Belizean artist Hubert Neal Jr, now living in the United States, is perhaps best known for his work The Dudus Chronicles, inspired by the Christopher Dudus Coke saga and the declaration of state of emergency which took place during his Jamaican residency.
The artist-activist is now in Kochi as part of Palette People Artists Residency, Vagamon, and has completed a new set of works, ‘Black and Blue: The Police and Black America’.
“In the US, police killing unarmed black people has reached such epidemic proportions in the recent years that I felt I had to address the subject. This is a work I could have done anywhere, including at home.”
Interestingly, the artist, in his online travel diary, An artist and his travels, talks about how walking down a foreign country, India, in search of good restaurants felt more safe than walking down his own country.
“As a Black, I have a very different view of things. Back home, sometimes women clutch their purses when they see you approaching. Sometimes they cross the street. I live in South Beach in Miami Beach, a predominantly White area. One day as I walked down the street, police officers stopped me and asked me for my ID. Apparently, somebody had complained about a suspicious character lurking in the neighbourhood. I lived in the place! Do you see what I mean? So once in India, I had the general apprehension of being in a new country, but I also started thinking, ‘what if someone thinks I’m looking at their girl?’, ‘What if someone perceives me as a threat?’ I became aware of how defensively I live. This is despite people being very friendly and helpful here. It’s particularly difficult to explain because I’m 6 feet 7 inches and wherever I go, people ask me if I’m a basketball player because of my size! People don’t understand how such a huge man can feel scared. But you hear so many instances of Blacks being shot down for perceived threat and you wonder how you made it to your 30s when you know so many people who got killed,” he explains.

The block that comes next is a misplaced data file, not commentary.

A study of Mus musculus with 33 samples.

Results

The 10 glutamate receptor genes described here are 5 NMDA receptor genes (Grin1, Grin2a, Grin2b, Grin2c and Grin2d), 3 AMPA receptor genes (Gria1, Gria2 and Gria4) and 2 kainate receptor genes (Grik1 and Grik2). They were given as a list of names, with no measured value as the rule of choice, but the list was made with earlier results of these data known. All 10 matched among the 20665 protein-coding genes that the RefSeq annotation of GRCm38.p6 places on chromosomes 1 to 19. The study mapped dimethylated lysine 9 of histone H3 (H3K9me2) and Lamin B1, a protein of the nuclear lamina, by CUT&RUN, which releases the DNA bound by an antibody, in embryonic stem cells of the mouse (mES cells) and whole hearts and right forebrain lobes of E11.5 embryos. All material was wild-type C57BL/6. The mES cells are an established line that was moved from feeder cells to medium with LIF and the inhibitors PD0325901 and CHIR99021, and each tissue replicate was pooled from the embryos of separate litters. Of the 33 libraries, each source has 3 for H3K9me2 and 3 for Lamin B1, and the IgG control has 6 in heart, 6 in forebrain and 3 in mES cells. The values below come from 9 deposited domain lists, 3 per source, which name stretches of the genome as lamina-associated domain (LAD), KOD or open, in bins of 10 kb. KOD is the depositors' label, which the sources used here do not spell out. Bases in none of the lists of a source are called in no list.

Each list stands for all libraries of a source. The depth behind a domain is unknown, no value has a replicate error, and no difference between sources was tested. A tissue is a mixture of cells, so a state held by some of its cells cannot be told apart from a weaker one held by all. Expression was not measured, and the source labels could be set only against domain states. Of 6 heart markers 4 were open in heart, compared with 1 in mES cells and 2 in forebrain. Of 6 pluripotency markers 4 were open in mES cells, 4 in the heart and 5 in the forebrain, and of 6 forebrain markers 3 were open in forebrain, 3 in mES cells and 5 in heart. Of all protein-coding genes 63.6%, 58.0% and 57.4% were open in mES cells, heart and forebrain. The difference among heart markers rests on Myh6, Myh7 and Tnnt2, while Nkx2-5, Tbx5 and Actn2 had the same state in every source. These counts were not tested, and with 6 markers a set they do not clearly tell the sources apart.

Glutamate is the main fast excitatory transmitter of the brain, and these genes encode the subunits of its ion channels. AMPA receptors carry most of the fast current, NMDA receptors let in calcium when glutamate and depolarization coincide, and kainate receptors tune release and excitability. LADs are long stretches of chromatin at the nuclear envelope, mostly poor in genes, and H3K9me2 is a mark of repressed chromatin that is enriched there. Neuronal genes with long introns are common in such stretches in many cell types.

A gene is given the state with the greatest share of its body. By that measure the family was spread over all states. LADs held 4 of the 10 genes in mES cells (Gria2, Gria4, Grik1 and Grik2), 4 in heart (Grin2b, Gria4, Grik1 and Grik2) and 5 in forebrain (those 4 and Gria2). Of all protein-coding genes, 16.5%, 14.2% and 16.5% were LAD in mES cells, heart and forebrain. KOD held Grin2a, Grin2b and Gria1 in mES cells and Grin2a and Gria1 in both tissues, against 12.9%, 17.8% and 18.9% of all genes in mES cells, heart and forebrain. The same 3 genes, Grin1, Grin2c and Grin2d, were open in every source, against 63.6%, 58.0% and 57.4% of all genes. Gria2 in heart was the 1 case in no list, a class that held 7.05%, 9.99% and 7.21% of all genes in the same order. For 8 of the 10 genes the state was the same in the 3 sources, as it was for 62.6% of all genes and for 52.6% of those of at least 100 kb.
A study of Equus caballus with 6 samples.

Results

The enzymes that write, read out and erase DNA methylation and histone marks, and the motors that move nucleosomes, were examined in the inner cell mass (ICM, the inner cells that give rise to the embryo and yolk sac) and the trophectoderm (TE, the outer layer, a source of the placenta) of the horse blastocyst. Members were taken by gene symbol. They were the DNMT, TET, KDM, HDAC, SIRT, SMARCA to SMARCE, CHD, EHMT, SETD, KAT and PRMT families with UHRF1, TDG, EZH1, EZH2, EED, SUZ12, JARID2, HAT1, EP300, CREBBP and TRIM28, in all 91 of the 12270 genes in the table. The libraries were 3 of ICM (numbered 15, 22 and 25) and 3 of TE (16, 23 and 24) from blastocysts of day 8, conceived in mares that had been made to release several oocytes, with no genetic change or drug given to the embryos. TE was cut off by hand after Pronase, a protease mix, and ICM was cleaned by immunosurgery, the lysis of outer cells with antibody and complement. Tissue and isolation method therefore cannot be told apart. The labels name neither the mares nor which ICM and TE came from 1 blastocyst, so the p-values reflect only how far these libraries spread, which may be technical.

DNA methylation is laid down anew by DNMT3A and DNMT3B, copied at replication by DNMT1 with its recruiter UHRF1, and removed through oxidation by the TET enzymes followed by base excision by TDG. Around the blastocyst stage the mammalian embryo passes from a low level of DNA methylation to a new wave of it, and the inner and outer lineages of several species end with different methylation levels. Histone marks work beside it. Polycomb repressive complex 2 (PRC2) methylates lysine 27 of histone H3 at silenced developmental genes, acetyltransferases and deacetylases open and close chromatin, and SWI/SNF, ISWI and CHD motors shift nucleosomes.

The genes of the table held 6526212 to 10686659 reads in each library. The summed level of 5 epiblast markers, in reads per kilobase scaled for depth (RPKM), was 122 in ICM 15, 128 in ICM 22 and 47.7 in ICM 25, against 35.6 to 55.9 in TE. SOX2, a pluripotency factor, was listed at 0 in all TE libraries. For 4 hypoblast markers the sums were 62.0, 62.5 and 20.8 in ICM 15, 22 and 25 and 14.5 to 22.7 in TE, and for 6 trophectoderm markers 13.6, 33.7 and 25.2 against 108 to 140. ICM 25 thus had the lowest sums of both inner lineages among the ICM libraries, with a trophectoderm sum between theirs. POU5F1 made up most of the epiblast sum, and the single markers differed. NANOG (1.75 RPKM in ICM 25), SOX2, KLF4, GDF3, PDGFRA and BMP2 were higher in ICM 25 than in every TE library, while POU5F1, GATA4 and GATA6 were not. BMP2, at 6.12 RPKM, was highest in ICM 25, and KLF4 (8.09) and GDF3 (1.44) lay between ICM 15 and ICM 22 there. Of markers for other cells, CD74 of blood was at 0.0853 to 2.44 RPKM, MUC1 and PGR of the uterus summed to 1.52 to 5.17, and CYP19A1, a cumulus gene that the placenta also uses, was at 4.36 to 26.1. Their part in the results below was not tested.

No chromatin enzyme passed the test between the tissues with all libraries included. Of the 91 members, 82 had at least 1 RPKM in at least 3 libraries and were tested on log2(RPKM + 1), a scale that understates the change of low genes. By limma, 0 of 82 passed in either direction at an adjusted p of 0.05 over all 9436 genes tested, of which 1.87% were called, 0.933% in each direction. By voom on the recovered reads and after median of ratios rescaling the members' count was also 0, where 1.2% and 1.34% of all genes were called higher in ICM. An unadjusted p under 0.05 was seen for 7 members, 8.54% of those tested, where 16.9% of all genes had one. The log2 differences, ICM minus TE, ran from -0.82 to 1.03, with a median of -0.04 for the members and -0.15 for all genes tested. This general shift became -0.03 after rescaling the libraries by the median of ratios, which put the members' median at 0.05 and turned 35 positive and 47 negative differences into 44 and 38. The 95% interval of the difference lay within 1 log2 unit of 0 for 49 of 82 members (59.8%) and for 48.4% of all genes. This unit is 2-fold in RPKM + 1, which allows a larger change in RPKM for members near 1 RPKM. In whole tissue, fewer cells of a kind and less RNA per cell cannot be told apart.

Drawing parallels between Belize and Kerala, he adds, “Kerala looks very similar to Belize and Caribbean Islands in terms of structures of the houses and roads. But it’s very different in terms of culture from America. This might be especially so because I lived in the mountains during the residency here. People would hear that an American artist was working in the studio and come knocking to meet me. Seeing people take the effort to get to know someone was something new. In America, people just mind their business and take a lot of time to get accustomed. Similarly, a few people were singing and dancing in the next yard one night and the next morning they came to meet me at the studio and asked me why I didn’t join them? I was surprised because in America, you don’t join a party unless you are invited and you never assume that you are welcome there otherwise. I explained and they ended up apologising to me for not having invited me! So that way, it was a warm experience.”